Pic from Orchard Lake
A number of times over the last decade, I've found myself publicly questioning the value of the huge investment marketers and other folk make in Ask/Answer market research (that's surveys and focus groups) – for example on the grounds of its spurious, positivist transparency (it provides very plausible accounts of why folk do stuff while the real mechanisms remain necessarily hidden to those witnesses given how our minds are constructed).
I've weighed in against scientism and the false sense of precision that many vendors promise; I've warned against the cognitive biases in research users' minds that skew the value of whatever data is served up to them; I've argued against using research to tell you what to do (rather than helping you refine your ideas).
It didn't make me very popular – particular in research circles. At MRS a couple of years ago, they ran a wisdom of crowds poll with Brainjuicer on what delegates thought was going to be the most influential paper and I came just about last. Comments included, "wrong, wrong, wrong!". Things got so bad at one point that I even found myself described by Research Magazine as Public Enemy Number One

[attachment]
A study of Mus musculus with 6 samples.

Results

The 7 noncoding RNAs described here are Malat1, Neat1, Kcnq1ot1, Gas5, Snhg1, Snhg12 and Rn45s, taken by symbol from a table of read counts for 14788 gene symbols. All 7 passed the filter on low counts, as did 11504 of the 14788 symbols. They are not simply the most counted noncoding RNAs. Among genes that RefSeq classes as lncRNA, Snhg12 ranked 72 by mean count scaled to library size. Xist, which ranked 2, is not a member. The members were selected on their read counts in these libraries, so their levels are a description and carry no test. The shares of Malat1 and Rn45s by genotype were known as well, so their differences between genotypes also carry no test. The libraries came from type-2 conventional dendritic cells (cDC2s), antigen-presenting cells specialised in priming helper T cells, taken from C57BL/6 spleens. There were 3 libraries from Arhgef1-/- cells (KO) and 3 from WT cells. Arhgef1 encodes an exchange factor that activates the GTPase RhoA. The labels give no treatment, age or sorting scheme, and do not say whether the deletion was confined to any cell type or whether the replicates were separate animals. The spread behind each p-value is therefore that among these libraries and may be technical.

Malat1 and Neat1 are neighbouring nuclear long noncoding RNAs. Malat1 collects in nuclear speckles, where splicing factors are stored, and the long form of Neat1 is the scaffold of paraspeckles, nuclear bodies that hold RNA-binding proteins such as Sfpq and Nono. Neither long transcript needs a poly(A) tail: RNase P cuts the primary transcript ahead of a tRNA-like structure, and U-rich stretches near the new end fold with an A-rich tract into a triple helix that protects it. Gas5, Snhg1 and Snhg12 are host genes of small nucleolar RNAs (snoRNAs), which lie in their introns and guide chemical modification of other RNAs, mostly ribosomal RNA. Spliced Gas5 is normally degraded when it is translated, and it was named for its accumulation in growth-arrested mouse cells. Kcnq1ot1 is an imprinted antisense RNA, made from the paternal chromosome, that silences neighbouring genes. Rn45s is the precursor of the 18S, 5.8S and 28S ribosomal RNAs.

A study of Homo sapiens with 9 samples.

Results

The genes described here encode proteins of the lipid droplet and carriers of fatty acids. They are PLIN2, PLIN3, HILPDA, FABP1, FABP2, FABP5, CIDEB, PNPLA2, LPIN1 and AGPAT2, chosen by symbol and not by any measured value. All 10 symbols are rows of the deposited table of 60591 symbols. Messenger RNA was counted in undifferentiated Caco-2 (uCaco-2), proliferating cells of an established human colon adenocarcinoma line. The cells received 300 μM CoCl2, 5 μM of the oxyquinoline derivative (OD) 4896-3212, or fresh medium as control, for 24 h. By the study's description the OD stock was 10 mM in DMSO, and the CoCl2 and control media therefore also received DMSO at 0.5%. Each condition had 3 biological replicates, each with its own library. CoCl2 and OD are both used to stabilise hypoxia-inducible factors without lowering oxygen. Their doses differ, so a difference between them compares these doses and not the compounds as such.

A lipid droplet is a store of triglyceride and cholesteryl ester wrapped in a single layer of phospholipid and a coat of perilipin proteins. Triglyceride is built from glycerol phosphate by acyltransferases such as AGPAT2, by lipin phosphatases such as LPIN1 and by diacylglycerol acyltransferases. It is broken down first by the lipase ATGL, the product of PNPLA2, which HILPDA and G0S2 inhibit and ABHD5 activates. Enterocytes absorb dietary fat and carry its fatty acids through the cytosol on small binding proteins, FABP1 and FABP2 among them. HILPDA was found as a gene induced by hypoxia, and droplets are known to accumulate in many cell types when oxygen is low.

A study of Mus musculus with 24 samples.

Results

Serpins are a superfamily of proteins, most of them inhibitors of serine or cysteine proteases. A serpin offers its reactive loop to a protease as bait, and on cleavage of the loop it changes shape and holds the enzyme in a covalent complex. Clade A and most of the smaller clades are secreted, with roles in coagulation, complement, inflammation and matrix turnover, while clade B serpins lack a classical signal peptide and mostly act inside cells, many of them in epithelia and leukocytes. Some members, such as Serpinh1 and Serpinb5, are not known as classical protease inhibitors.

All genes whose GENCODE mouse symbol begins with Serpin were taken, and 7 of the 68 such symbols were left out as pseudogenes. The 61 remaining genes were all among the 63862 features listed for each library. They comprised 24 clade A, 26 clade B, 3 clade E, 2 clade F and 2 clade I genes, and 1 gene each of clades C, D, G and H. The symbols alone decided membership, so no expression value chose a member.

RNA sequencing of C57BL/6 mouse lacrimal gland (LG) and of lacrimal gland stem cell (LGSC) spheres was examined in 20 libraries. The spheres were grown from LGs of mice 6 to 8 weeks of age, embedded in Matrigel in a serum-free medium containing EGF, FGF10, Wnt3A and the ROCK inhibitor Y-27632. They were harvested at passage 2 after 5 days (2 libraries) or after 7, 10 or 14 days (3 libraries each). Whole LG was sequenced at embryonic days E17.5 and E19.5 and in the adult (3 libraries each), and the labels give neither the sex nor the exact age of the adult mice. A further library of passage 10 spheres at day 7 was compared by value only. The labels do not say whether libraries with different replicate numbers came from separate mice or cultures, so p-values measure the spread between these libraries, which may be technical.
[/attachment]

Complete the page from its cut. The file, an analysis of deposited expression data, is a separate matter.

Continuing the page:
…which I've always thought a bit harsh: I'm in no way a "touchie-feelie", "it just kinda feels right", "crystals will tell us" kind of marketing thinker. No, I think disciplined and evidence-based stuff is the only sensible way forward – we just need better (and perhaps less) research approaches which harness what we now know about human beings and not more and more of the same old stuff (This btw is why I rate the folks like Brainjuicer and Spring/Mesh so highly – they're trying to provide better insights to their clients by turning the new behavioural science consensus into practical research methodologies. They're not alone of course, but they are unusual)
So nice to see today that the ARF and two big clients seem to be arguing very much along the same lines as I've been arguing for: to be more observational than interogative and in their world and against their agenda and not ours.
"Our consumers have been sending us messages for years that they're not interested in the traditional survey process," says Kim Dedeker of P&G. That's right: co-operation rates (folk agreeing to do a survey are at an all time low: 4 out 5 say no)
Makes me seem (spuriously) that I had some kind of influence on this….maybe I've just got my timing wrong?